I made a huge mistake this morning.
A horrible, horrible mistake.
I read an article published by the Murdoch press.
Yes, nothing good can ever come of this, but while I was reading about the recent symposium held by the Australian Human Rights Commission on Free Speech, it popped up on screen and I couldn’t help myself. Needless to say, it was a bad decision and I spent the next 20 minutes hiding in the supply cupboard at work screaming next to boxes filled with Papermate pens. When I finally returned to my desk, I was greeted by Christopher Pyne’s sneering face on The Bolt Report ranting that students are leeching off tax payer’s dollars while a clip of Tony Abbott was rolling in the corner. Keeping in line with this spectacular morning, I am now waiting for Joe Hockey to strut through the doors demanding my first born child.
Now, this “Free Speech” forum was called in response to Abbott and the Attorney General George Brandis’ now thankfully dropped amendment to Section 18C of the Racial Discrimination Act which reads that it unlawful to: “offend, insult, humiliate or intimidate another person or a group of people because of their race or ethnicity”.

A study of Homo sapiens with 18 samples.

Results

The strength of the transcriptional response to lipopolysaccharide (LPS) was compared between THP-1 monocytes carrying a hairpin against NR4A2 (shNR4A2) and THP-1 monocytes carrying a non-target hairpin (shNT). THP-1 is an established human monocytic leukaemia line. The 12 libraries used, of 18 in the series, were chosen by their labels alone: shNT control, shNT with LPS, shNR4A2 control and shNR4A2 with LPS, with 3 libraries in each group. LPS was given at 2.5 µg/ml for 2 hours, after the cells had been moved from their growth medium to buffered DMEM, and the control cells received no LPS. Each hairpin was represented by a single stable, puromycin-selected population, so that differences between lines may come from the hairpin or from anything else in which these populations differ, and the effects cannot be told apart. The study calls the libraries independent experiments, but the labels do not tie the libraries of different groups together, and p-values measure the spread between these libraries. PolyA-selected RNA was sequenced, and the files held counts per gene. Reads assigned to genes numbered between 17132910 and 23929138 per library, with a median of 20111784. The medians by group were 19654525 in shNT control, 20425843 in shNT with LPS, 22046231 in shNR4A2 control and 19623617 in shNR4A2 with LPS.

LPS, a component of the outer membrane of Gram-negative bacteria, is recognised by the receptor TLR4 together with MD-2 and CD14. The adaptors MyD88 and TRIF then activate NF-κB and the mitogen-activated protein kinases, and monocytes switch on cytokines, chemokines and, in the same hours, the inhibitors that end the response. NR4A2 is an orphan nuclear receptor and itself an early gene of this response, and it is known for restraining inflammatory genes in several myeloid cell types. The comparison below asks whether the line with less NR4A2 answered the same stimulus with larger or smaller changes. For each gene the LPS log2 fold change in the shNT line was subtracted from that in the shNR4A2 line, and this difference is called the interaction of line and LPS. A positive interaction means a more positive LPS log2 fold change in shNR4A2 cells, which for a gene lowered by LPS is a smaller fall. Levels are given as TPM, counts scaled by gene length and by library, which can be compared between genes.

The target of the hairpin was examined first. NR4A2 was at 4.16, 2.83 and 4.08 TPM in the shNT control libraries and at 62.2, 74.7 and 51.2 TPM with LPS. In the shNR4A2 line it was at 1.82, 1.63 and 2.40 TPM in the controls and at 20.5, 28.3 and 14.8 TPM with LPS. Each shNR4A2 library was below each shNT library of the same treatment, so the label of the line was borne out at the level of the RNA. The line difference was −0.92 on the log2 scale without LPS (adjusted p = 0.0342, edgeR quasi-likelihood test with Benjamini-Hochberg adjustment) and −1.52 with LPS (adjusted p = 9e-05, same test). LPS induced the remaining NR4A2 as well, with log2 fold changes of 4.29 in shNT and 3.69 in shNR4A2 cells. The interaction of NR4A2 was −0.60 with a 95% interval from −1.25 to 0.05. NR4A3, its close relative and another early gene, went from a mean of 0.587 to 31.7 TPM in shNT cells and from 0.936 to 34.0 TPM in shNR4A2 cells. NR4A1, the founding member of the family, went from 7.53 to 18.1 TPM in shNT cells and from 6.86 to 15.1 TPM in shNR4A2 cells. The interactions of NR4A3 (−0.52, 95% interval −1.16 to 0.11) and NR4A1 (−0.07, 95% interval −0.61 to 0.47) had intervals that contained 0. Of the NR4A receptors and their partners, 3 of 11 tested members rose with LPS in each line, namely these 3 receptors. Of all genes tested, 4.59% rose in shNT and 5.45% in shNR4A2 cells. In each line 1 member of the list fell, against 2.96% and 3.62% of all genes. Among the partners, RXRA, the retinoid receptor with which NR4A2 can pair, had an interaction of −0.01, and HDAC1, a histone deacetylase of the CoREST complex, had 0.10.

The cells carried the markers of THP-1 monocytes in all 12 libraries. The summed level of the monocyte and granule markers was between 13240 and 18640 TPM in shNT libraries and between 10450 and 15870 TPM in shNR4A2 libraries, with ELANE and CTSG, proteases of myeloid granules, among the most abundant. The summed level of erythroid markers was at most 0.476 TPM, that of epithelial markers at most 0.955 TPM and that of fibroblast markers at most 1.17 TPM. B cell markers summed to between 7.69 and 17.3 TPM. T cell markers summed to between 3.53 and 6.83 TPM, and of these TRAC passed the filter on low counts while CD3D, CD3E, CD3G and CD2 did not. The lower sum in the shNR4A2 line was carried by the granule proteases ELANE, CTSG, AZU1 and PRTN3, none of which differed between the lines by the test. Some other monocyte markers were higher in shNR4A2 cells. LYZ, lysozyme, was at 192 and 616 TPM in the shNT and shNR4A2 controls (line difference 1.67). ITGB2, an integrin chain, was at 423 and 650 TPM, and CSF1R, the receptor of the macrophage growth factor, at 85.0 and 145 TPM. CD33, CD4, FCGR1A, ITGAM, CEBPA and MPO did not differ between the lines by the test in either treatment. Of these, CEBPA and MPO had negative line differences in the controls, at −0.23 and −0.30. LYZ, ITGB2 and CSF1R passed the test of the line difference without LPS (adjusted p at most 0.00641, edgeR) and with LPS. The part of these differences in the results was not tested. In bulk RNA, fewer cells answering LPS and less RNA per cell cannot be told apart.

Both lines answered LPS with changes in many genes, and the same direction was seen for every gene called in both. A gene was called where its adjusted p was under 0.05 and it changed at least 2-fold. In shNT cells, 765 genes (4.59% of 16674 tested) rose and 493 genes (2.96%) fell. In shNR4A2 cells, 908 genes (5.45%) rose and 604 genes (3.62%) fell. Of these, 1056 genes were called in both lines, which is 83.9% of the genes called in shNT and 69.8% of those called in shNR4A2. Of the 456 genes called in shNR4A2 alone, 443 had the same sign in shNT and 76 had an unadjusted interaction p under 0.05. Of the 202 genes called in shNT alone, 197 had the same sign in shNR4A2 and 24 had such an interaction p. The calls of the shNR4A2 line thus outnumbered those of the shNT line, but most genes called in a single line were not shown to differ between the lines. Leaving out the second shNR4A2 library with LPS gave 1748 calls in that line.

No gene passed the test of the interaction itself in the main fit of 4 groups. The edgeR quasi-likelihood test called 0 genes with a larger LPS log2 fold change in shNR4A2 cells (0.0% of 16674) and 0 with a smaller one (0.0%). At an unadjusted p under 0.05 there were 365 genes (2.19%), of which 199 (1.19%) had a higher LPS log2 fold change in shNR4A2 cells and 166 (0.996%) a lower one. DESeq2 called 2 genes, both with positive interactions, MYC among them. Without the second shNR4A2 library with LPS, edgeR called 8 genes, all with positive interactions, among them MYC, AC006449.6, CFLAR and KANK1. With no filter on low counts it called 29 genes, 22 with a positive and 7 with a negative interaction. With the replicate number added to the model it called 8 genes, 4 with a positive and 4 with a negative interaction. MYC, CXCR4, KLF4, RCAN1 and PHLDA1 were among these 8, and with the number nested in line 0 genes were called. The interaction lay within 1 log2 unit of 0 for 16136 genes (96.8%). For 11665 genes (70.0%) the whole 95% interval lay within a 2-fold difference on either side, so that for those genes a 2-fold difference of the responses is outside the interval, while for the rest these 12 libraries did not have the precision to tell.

The draft bill would have removed the protections for offending, insulting or humiliating someone based on the assertion by Abbott and Brandis that this law stifles free speech, with newly installed Human Rights Commissioner Tim Wilson also voicing his support for the amendment. These changes have come up against very vocal opposition from Labor and the Greens, human rights lawyers and over 80% of the Australian public – even Liberal MPs threatened to cross the floor. If this isn’t a testament to the ridiculousness that would have been changing 18C, then nothing is. Conservative journalist Michael Sexton has written numerous articles for the Murdoch Press in support of repealing these protections with an ever present theme of “Sticks and stones may break my bones but words will never hurt me”.
Why would these repeals have been so dangerous? Claiming that free speech should allow individuals to be able to say whatever they please, regardless of the harm and trauma it may cause, is opposed to international human rights law and the slightest amount of common sense, decency and courtesy. It completely ignores individuals’ rights to not be vilified or discriminated against because of their race, gender, class, sexuality or religion. Wilson claims that equality can only be reached through the repeal of Section 18C and he is disappointed the repeal is not being pursued, but in what world does repealing laws against discrimination and hate speech produce equality?
Despite the fact that we think repealing these protections against racial vilification under the guise of ‘free speech’ is absurd, it is easy to see how these upper class, heterosexual, white cis-males think it is a logical decision.